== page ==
In 1977, the federal government established the Surface Mining Control and Reclamation Act (SMCRA), which created the Abandoned Mine Reclamation Fund. The fund is financed by a tax of 35 cents per ton on surface mined coal, 15 cents per ton on underground mined coal, and 10 cents per ton on lignite.

“Last year, Wyoming’s share of AML funds was more than $60 million. The state was only paid $28 million. The program is not working as it was intended and things need to be changed. The fact that this is up for reauthorization presents an opportunity to ensure that states who are owed money get their fair share,” the Wyoming Delegation said.

The law authorizes 50 percent of the AML tax to be placed in the federal treasury, and 50 percent to be returned to the contributing states. State distributions are subject to annual appropriations. However, year after year, Congressional appropriators and the Administration have failed to meet their obligation to return the full amount owed to the states.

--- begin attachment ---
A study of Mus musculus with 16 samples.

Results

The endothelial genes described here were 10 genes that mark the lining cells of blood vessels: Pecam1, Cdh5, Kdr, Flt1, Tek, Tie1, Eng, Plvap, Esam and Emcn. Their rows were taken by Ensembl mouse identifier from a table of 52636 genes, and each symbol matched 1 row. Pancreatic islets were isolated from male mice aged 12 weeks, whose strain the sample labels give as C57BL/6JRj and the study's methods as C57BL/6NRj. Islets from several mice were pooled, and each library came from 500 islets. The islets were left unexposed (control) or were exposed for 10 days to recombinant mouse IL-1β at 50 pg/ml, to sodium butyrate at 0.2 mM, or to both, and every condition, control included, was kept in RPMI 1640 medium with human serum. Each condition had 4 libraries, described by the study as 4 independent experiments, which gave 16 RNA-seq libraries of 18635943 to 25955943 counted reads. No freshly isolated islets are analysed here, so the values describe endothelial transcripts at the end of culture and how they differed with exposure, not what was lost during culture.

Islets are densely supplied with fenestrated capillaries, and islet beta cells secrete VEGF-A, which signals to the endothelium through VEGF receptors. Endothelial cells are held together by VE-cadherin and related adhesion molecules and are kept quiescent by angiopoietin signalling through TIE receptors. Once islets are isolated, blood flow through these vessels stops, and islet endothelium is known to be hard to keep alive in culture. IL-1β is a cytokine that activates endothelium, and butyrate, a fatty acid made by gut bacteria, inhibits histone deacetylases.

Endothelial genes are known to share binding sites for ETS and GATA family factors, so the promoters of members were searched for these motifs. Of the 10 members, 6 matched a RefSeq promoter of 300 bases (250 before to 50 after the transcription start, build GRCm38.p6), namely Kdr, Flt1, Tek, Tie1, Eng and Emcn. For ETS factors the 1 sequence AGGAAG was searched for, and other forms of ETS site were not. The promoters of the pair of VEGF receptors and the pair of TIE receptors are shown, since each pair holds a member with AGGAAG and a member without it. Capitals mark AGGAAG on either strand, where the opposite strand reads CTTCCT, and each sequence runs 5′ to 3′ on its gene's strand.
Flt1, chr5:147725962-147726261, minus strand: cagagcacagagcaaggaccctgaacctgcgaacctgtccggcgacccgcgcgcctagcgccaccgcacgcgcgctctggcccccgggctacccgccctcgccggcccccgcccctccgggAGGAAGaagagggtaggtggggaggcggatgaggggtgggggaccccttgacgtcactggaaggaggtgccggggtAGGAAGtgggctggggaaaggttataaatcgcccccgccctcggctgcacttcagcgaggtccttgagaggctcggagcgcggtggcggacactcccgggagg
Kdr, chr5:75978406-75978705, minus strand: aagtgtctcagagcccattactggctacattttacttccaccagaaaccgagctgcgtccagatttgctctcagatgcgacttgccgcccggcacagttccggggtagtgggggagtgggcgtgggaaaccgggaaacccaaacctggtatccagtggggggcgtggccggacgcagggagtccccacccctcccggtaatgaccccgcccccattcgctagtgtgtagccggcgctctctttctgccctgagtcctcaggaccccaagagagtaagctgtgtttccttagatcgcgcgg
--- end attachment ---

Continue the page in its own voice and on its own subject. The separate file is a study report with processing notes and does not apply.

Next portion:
The money is to be used to clean up old, abandoned mine sites and reclaim the land. AML may also be utilized by communities who have been impacted by mining operations. However, some members of Congress have been redirecting AML funds for their own legislative priorities.

“In total, 26 states and tribes are owed $981 million from the AML account. As the largest coal producing state in the nation, Wyoming companies contribute a significant amount to the AML coffers. Recently released figures from the Office of Surface Mining indicate that Wyoming is owed nearly $371 million, which represents more than one-third of the outstanding federal government obligation. This is unacceptable.

“We have been actively engaged in resolving the problems with the AML, and we will continue to work with the Administration during reauthorization to find a solution that is fair to Wyoming,” the Delegation concluded.